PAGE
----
In nineteen minutes, you can order a pizza and get it delivered. You can read a story to a child or have your oil changed. You can walk a mile. You can sew a hem. In nineteen minutes, you can stop the world, or you can just jump off it. In nineteen minutes, you can get revenge. -From Nineteen Minutes, page 1-
Jodi Picoult writes intelligently, exposing hot-button issues in her many best selling novels. I have read several of her books, and am rarely disappointed. Nineteen Minutes was no exception.
This is a novel which takes on the shocking and horrifying issue of school shootings. Sterling High School, located in rural New Hampshire, becomes the focus of the network news when Peter Houghton opens fire on his fellow students, killing 10 and injuring 19. The central question is: Why? Written in a non-linear style …starting with the day of the shootings, then jumping backwards in time to when the main characters were only children or young mothers…Picoult attempts to explain the unexplainable by gradually uncovering the past.
The characters who people the pages of Nineteen Minutes include Josie Cormier (a teenager who straddles the social strata between the “cool” kids and the “outcasts”), Alex Cormier (Josie’s mother, the newly appointed superior court judge of Grafton County), Lacy Hougton (a mid-wife who is devastated to discover it is her son who has committed such a terrible crime), Lewis Houghton (Peter’s father who hides behind math equations in his attempt to discover the formula for happiness), Patrick Ducharme (the detective who is the first to enter the school as the shootings take place), Jordan McAfee (the young, idealistic defense attorney), and the popular kids who become targets for the rage of a bullied teen. Picoult writes from these multiple points of view while developing characters with depth and complexity.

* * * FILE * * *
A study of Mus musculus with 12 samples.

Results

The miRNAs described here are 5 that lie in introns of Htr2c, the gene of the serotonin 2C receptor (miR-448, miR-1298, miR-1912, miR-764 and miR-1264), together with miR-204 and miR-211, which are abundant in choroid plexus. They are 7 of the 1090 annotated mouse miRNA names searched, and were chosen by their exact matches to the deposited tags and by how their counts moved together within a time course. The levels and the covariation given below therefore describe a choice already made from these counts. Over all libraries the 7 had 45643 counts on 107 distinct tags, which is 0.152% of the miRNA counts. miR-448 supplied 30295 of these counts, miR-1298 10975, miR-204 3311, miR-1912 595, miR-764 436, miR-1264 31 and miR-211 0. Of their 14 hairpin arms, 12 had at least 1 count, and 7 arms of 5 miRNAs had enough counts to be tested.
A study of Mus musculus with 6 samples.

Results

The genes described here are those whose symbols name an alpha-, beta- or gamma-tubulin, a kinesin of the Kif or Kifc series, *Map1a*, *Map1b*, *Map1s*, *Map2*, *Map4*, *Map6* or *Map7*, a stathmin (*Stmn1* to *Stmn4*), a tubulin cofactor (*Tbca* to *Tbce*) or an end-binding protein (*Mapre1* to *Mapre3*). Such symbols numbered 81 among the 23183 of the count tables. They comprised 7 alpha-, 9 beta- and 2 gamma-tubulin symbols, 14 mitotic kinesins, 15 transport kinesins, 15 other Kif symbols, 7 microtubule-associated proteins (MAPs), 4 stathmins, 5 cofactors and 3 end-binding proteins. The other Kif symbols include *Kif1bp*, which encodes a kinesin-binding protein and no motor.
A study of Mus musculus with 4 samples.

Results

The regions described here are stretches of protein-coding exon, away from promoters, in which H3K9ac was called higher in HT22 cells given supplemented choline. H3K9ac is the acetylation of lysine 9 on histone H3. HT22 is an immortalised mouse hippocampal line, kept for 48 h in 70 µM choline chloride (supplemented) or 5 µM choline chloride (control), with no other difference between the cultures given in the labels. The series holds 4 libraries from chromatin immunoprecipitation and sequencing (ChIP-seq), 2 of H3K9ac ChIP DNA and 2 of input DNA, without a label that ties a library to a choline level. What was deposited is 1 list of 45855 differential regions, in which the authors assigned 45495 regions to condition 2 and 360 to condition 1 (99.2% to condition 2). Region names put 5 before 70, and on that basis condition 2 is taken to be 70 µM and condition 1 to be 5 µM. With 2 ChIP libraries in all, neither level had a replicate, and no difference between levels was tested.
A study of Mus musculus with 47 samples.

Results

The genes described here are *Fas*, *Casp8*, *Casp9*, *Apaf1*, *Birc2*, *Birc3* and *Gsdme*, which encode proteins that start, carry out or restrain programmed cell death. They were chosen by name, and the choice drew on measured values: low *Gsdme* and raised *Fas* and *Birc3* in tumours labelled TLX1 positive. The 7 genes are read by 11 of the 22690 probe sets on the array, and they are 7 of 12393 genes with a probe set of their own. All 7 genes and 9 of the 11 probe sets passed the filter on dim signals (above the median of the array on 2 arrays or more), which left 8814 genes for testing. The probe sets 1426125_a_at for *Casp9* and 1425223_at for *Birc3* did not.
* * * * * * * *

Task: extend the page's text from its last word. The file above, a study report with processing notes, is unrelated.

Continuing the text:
Nineteen Minutes is not just about a school shooting. Picoult explores other themes…such as the idea of identity. Do we ever really know the people closest to us? How do we know what is authentic and who wears a mask hiding their motivations?
If you spent you life concentrating on what everyone else thought of you, would you forget who you really were? What if the face you showed the world turned out to be a mask…with nothing beneath it? -From Nineteen Minutes, page 83-
The gun control debate is handled fairly – showing both sides of a controversial and unsettled issue in our society.
A gun was nothing, really, without a person behind it. -From Nineteen Minutes, page 89-
But, the theme which resonates the strongest in Nineteen Minutes is that of expectations – those for ourselves as well as those entertained by parents for children and children for parents – and how those expectations shape our lives. Is it fair to judge someone? Should we expect the world to accept us as we are, and if not, is it ever okay to strike back?
Picoult has written a book which is chilling, yet tender…it is a book hard to put down and yet difficult to read.